There are a number of alternatives to plagiarizing. However you arrive at that moment when you decide between plagiarizing or not, here are some things to consider:
If you're still not clear whether you are citing material correctly or even whether you need to, it's safer to err on the side of citing too much or too often. Set up an appointment with a Writing Studio tutor, or ask your professor for advice. Sometimes asking such questions during class helps other students voice their own questions and concerns about plagiarism. Discuss plagiarism in class!
If you're under time pressure, and copying or buying a paper seems the only solution to getting your assignment in on time, stop a minute. Talk to your professor and request an extension for your paper. At worst, the professor will not grant the extension, but even so, a failing grade for a paper or even a course is a better outcome than disciplinary action. Disciplinary action may involve a hearing in which you are asked to explain your actions. If you are found responsible for academic dishonesty, sanctions may range from disciplinary probation to suspension, and sometimes, even expulsion. Note, too, that disciplinary action is part of your disciplinary record for four years after you graduate (or eight years from your date of matriculation), and, if you are suspended or expelled, the suspension or expulsion is permanently noted on your transcript. Take a look at the link to 'Good Reasons to Meet with Your Professors' below, then give your professor a call. They're human too.
Many students lose perspective in the obsessive quest to get an "A" for all their classes. In that context, the disappointment of a lower grade outweighs the risk of getting caught for plagiarism. If you or your family are putting you under this much pressure, you may want to talk to a counselor or spiritual advisor. You can begin by linking to some of the organizations, like CAPS or Campus Ministries, that are listed below.
Other alternatives include taking care of yourself in productive ways. The university has a number of different offices and organizations specifically developed to support our students. They include counseling though CAPS, stress management and time management workshops from the Academic Resource Center, meeting with a tutor from the Writing Studio, and talking to friends in your religious organization. Take a look at the resources available to you below. When you're at that moment choosing to plagiarize or not, remember that plagiarism is not your only alternative. Take advantage of these resources to find alternatives....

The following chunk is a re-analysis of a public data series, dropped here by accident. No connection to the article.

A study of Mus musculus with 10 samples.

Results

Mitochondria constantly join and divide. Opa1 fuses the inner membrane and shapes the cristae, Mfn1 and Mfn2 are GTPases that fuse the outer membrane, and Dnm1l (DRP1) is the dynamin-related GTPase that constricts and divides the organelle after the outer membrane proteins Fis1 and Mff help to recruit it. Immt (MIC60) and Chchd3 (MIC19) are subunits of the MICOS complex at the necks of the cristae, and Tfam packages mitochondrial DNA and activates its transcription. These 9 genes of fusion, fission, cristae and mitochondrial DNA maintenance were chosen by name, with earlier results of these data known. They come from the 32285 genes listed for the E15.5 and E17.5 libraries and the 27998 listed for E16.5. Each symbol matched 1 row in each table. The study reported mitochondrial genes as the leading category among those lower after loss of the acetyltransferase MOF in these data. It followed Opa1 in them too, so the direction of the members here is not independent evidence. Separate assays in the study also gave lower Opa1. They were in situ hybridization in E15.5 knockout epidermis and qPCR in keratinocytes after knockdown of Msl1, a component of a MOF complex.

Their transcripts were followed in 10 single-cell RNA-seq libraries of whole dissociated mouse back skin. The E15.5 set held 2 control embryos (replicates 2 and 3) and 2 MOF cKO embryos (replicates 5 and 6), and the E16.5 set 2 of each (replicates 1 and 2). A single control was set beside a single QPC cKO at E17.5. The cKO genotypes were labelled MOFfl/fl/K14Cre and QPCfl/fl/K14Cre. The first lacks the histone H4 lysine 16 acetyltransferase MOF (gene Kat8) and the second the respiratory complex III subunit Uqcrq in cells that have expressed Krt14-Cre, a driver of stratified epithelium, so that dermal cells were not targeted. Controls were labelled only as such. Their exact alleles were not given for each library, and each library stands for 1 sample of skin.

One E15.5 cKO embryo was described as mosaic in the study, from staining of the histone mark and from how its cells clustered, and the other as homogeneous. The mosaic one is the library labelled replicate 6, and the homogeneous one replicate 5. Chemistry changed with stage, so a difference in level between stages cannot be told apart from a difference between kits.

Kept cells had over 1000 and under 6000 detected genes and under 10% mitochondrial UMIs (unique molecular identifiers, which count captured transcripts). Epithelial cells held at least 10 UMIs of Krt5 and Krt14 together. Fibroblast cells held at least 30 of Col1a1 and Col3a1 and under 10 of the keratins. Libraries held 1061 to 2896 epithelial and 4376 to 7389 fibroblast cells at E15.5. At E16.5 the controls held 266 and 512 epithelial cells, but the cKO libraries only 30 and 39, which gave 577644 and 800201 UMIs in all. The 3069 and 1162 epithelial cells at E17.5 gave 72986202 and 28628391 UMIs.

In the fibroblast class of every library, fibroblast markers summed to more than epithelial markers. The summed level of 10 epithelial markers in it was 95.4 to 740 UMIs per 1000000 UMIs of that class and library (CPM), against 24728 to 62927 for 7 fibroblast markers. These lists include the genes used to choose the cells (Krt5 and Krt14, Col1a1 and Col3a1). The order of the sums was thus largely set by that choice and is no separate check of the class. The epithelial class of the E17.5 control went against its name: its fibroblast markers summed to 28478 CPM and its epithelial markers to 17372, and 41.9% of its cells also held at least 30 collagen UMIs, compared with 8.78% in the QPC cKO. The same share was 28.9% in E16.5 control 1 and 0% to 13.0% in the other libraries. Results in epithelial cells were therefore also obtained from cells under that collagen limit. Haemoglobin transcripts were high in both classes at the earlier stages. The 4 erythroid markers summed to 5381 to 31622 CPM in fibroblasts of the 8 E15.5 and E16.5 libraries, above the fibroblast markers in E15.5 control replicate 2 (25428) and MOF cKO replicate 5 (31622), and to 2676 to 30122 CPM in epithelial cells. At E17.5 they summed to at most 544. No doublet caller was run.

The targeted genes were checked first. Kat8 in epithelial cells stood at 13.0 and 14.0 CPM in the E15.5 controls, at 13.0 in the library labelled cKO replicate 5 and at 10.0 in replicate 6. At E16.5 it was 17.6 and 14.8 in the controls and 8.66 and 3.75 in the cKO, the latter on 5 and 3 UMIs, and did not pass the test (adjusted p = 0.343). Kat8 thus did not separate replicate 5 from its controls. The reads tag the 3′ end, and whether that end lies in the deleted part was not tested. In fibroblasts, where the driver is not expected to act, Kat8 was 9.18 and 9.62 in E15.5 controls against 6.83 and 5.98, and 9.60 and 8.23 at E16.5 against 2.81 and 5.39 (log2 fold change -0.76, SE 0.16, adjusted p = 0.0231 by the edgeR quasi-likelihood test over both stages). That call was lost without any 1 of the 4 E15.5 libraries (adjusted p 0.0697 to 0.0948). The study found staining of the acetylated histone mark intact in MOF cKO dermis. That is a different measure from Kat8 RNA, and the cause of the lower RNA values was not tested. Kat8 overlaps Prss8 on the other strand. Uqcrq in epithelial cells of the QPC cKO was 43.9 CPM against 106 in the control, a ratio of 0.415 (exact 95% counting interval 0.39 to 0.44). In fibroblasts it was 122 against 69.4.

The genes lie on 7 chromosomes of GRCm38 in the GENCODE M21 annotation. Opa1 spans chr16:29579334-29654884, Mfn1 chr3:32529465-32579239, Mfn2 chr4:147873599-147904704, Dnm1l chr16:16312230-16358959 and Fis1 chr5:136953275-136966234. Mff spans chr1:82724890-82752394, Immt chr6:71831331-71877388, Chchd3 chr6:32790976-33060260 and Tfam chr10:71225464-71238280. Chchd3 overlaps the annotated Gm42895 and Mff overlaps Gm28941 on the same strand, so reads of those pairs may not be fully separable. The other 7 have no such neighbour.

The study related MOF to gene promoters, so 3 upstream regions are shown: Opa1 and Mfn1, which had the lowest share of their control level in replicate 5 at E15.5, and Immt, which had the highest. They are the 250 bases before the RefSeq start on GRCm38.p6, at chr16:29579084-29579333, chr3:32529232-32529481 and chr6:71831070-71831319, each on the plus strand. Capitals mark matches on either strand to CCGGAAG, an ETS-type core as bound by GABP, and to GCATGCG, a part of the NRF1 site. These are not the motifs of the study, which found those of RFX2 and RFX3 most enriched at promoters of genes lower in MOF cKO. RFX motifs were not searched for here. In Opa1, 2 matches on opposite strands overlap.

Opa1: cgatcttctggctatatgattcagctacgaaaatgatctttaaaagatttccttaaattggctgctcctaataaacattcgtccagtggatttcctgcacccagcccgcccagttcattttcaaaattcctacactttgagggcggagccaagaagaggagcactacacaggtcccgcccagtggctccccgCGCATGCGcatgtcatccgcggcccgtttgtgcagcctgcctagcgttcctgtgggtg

Still feeling unsure whether you could or should talk to your professor? Take a look at this handout from the Academic Resource Center which gives you tips on how to go about it...
Now that we've finally convinced you that it's okay to talk to your professor, here's the phonebook.
Don't forget that librarians are there to help you with your assignments too. In addition to helping you to find good sources for your bibliography, they can also help you find information about correctly citing those sources. This website offers a number of different ways to contact a librarian, from the traditional trip to the reference desk, to virtual reference, to setting up a one-on-one appointment with a subject specialist. Did you know that there is a subject librarian assigned to every academic department? Come find out who is the expert on your subject.
This website collects information from a number of different offices and organizations on campus concerned with academic integrity. There are links to the Duke Community Standard, the undergraduate judicial process, as well as a detailed account of plagiarism and how it is defined by the academic community.
The Academic Resource Center offers workshops, peer tutoring, and advice in order to help you succeed in your classes. In other sections of the plagiarism tutorial, we suggest ways to avoid situations where you might decide that plagiarizing is a viable alternative. It isn't!
Follow this link to the Academic Resource Center and read about their services. There are workshops on time management and techniques for managing stress, all factors in bad decision making. Also take a look at their excellent handouts which cover a range of topics, from ideas on note-taking to reasons to talk to your professors. The Academic Resource Center is definitely a viable alternative to plagiarizing.
The Writing Studio provides professional tutors from a spectrum of disciplines to help students with all aspects of their writing. Their offices are in the Academic Advising Center on East Campus, but tutors also schedule meetings in the libraries on both East and West Campus. Follow this link to find more information and to schedule an appointment.
CAPS provides a number of valuable services to Duke students. If you're having problems, CAPS counselors are there to listen to you, support you, and help you through them.
In other sections of this plagiarism tutorial, we've noted that stress and substance abuse are often the triggers for decisions you might regret later -- like choosing to copy other people's work rather than submitting your own. Don't let it get to that point! Follow the link for more information, including how to set up an appointment with a counselor.
The web site for Campus Ministries lists all the religious organizations on campus. In addition, it provides a link to pastoral counseling if you need to speak to a religious advisor as well as a counselor. These are people and organizations ready to help you during stressful times.